Preview: Romeo
and Juliet

Michelle Collins tells Mia Vigar about the flipside to the romance in Romeo and Juliet


Looking back, she says: “When I was young, in the 1970s, we went to see some Shakespeare at the Young Vic and got thrown out. The language was alien and seemed so academic, and we were laughing at seeing men in tights. How seriously are people going to take men in tights these days?”

Luckily for artistic director David Thacker, Collins has come to see the merit of the Bard’s writing, and will be appearing as the Nurse in his take on Romeo and Juliet at Bolton’s Octagon Theatre.

“The language is the same but David Thacker’s version has a modern feel,” she explains. “The themes are just as relevant today – feuding families, gang warfare, prejudice and greed. This is why it stays on the national curriculum. There are still lessons to be learnt. With Romeo and Juliet, Shakespeare is saying we should listen to people, especially to our young, and take more notice of what they have to say. In this play we can see that the older people have become more jaded, and in society now, when ‘the youth’ are referred to it seems to be a derogatory notion. There is something very special about being young and youthful.”

It’s not just the tights that are being thrown out for this production. “It’s a black set – simple and uncluttered, with a sense of starkness and appropriate lighting to make the action look stronger. It’s liberating not to rely on props.”

Also adding to the dramatic feel of the production is the fact it will be performed in the intimate theatre-in-the-round space of the auditorium, meaning the audience will see the story unfold from all angles. “A great deal of attention has been paid to ensuring the audience gets the best experience possible,” says Collins. “Recently, we spent a whole day making sure everyone would be able to hear from each part of the theatre. The audience comes first and foremost.”

Collins’ character acts as the go-between for the lovestruck youngsters. But having lost her daughter when she was a baby, the Nurse also considers Juliet to be a surrogate daughter. To relate to the suffering of her character, Collins has been able to draw on her own experiences as a mother. “The most important thing for me is to show how much the Nurse loves Juliet and to make it fun. She’s been with the Capulet family a long time – she was Juliet’s wet nurse and almost her surrogate mother, her confidante. But also she and the Friar offer light relief. I don’t often get to show a lighter side in the roles I play.”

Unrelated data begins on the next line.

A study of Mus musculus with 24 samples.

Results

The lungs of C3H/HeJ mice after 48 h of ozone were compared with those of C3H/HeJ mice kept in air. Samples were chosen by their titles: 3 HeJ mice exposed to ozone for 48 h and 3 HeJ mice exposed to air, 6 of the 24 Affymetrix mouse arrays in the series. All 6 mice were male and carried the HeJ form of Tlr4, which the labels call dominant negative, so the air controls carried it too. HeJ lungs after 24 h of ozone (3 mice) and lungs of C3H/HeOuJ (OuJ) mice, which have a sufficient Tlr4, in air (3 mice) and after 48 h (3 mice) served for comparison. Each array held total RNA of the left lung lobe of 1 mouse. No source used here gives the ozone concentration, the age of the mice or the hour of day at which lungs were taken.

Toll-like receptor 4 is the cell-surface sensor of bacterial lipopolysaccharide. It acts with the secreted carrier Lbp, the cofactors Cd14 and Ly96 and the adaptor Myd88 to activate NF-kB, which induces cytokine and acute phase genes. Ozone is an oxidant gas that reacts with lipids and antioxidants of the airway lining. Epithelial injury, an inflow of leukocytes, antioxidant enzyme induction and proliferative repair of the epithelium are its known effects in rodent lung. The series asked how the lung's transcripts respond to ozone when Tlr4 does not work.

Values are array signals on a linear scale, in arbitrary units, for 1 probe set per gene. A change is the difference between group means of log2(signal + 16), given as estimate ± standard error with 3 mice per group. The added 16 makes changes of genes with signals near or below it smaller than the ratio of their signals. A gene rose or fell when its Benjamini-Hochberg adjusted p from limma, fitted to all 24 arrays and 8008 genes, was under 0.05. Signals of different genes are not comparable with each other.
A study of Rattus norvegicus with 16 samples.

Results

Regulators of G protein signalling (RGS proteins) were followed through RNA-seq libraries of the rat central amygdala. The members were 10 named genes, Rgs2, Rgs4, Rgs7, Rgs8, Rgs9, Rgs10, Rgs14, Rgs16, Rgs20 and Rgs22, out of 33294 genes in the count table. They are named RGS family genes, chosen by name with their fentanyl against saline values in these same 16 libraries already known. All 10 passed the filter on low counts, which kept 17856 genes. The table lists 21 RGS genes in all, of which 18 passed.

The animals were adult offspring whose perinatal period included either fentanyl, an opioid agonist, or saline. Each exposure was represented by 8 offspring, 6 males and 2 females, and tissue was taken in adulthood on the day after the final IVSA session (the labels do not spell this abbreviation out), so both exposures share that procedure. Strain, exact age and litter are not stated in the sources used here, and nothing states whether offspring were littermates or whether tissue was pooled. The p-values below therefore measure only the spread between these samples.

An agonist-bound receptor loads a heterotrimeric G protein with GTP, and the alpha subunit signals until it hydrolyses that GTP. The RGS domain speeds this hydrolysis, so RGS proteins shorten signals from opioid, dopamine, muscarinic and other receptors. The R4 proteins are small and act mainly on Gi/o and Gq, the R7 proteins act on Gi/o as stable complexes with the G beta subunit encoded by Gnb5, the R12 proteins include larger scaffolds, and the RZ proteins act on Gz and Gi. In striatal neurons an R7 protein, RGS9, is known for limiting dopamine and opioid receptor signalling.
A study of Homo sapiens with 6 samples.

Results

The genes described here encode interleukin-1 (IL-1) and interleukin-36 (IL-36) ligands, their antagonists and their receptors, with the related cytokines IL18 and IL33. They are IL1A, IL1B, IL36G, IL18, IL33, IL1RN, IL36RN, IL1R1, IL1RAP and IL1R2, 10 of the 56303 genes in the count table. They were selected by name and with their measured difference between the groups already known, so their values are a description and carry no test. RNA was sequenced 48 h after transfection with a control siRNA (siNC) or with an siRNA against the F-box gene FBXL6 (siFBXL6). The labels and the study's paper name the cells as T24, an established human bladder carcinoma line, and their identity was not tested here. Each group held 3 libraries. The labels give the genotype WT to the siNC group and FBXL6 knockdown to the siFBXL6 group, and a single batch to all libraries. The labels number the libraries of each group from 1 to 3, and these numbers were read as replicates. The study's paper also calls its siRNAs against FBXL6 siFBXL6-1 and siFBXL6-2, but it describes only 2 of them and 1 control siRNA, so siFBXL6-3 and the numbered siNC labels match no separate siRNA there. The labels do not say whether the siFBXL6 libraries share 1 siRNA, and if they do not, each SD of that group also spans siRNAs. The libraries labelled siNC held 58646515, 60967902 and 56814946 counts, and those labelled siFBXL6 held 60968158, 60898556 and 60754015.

In a further departure from the more traditional approach to Shakespeare’s most enduring love story, Thacker refuses to shy away from the play’s inherent violence. “Included are some quite dangerous fight scenes which will have a real impact. In real life, when people fight they do die and, when that person dies, everyone suffers.”

Collins’ role means she now joins an esteemed tribe of present-day actors who have demonstrated their classical sensibilities through the Bard’s words. “You need to eliminate from your mind many people who have done it before, and find your own way to play it. It’s no good to think of Judi Dench and do it like that, but instead be truthful to you – I think perhaps I am seen as a contemporary actress so am able to bring that to the role. I have found Shakespeare a challenge because it’s like speaking a whole new dialect and, of course, everything seems to get harder to learn as you get older,” she laughs.

However, being away from the glare of the West End seems to have its advantages.

“Being in Bolton, as tends to be the case with provincial theatre, it feels like you have more time to enjoy the process, and there are fewer egos to contend with. There is a lot of fantastic work being done up here and David Thacker is very inspiring – his reputation precedes him. He plants confidence in you. I have done a lot of telly but nothing can compare to theatre and the inclusive feeling of being part of it. When it’s good, you get the most amazing feeling.

“It’s very exciting – I almost feel like a young actor starting again.”

Romeo and Juliet, until 5 March, Octagon Theatre, Bolton.